Freezing Drizzle and Freezing Rain...
Any amount of rain that freezes on contact with roadways or sidewalks can be dangerous. Bridges and overpasses can be particularly dangerous because they freeze before other surfaces.
Only one hundredth of an inch of freezing rain caused a 70-car pileup in Worcester on December 1, 2013. However, when ice accumulates to more than one-half inch on power lines, they can be knocked down. Extreme damage to trees, utility poles, and communications towers can occur when 1 to 2 inches of ice accumulates. Power may not be restored for several days.
The National Weather Service issues a Freezing Rain Advisory for ice amounts ranging from just a trace on roadways to less than one-half inch. An Ice Storm Warning is issued when ice is expected to accumulate one-half inch or more.
The term black ice refers to patchy ice on road surfaces that cannot be easily seen. Often it is clear, with the black road surface visible underneath. This can also be a deadly driving hazard. It is most prevalent during the early morning hours, especially after snowmelt on the roadways has had a chance to refreeze overnight when the temperature drops below freezing.
Long cold spells can cause rivers and lakes to freeze. A rise in the water level or a thaw breaks the ice into large chunks which then become jammed at manmade and natural obstructions. Ice jams can act as a dam, resulting in severe flooding, both upstream and downstream of the blockage.
Ice on lakes and streams can become deadly. Before walking, fishing, skiing, snowmobiling or engaging in any other activities on ice, check with your local police, fire, or park department to ensure that safe ice conditions exist. Do not go out on the ice if you see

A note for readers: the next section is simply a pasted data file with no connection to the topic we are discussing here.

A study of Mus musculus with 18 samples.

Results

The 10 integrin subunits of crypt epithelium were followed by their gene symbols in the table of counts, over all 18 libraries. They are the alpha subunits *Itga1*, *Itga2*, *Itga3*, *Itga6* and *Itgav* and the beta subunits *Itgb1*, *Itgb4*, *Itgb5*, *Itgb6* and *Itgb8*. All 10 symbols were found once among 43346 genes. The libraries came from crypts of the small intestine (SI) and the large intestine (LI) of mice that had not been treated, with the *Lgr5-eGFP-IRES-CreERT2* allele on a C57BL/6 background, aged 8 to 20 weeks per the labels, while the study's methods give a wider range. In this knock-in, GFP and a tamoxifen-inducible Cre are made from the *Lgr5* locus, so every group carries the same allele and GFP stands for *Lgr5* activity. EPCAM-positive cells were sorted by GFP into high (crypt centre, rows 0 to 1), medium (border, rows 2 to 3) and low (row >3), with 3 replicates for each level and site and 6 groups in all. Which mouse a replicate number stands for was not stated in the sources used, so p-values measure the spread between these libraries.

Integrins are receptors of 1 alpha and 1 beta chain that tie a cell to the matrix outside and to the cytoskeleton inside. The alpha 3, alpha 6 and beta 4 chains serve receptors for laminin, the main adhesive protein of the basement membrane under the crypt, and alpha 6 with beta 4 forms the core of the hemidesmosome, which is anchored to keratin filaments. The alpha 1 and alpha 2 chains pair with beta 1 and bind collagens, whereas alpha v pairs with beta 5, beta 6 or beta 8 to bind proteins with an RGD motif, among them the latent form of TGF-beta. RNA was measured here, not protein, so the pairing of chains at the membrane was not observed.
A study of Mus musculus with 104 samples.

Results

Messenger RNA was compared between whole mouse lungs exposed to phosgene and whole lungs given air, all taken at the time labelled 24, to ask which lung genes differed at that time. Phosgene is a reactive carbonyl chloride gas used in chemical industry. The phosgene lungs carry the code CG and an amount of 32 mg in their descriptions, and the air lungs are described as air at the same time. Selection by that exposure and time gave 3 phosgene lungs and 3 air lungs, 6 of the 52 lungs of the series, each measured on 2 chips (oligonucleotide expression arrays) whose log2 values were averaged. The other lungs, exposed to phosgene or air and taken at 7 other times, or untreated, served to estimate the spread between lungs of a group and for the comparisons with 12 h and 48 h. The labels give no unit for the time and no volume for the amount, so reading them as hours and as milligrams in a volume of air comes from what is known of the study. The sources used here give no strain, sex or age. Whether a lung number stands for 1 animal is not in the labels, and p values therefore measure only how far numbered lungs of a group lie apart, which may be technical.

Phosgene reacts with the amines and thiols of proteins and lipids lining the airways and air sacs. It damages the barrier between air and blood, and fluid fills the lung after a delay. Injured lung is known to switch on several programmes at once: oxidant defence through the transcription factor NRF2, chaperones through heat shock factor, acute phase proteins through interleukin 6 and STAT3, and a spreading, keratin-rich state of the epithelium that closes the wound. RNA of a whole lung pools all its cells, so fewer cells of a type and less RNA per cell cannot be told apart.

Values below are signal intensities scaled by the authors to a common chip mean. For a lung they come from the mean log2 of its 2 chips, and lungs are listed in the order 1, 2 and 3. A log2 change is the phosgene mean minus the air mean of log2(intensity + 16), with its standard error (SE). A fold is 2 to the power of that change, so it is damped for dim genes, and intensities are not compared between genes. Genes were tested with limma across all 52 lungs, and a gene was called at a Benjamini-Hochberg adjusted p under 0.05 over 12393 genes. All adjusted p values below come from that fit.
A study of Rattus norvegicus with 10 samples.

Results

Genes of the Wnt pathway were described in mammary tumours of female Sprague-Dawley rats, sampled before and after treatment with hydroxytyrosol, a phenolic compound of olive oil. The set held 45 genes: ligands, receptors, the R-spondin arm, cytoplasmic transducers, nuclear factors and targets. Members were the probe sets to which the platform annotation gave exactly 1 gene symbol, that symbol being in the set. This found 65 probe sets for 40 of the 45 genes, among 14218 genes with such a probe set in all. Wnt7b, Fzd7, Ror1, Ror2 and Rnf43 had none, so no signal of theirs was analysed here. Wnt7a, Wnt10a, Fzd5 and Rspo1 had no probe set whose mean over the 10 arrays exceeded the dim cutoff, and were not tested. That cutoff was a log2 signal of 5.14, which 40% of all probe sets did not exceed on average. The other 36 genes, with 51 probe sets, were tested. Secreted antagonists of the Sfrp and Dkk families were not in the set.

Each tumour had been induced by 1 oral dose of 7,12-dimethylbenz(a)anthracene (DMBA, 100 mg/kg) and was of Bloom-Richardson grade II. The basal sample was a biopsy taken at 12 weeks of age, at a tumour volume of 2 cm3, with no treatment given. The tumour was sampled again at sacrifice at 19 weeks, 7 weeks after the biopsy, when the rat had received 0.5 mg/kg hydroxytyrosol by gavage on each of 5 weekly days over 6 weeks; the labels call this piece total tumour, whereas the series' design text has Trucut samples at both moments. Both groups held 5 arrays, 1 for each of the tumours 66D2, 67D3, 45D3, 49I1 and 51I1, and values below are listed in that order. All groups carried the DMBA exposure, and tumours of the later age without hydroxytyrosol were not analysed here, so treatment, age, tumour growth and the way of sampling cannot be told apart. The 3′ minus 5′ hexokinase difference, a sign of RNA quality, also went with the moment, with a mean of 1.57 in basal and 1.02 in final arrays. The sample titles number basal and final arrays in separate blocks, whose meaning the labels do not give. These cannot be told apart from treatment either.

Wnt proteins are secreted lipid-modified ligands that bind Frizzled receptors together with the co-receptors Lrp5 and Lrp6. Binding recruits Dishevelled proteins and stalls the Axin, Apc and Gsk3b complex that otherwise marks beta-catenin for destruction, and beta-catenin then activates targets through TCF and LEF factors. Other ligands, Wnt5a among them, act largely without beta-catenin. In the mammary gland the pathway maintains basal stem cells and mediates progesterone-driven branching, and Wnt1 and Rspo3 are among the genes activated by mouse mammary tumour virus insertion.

- cracks or holes in the ice
- flowing water around the edges, just below the surface, or over the top of the ice
- ice that appears to have thawed and refrozen
Beware of ice covered with snow. Snow can insulate ice and keep it strong, but it can also insulate it to keep it from freezing.
Snow can hide cracks, weak, and open ice. Also, ice seldom freezes or thaws at a uniform rate. It can be one foot thick in one spot and be only a few inches thick 10 feet away.
If you decide to venture out on the ice, remember the following guidelines:
- Stay off the ice if it less than 2 inches thick.
- For walking, ice skating, or ice fishing, you need 4 or more inches of ice thickness.
Never go onto the ice alone. A friend may be able to rescue you or go for help if you fall through the ice. If a companion falls through the ice and you are unable to reach that person from shore, throw them something like a rope, jumper cables, a tree branch, etc. If that does not help, call 9-1-1 before you also become a victim. The Massachusetts Emergency Management Agency states that if you fall in, try not to panic. Turn toward the direction from which you came. Place your hands and arms on the unbroken surface, working forward by kicking your feet. Once out, remain lying on the ice and roll away from the hole – but do not stand. Crawl back to your tracks, keeping your weight distributed until you return to solid ice.
This concludes part 5 of the Winter Weather Preparedness Week.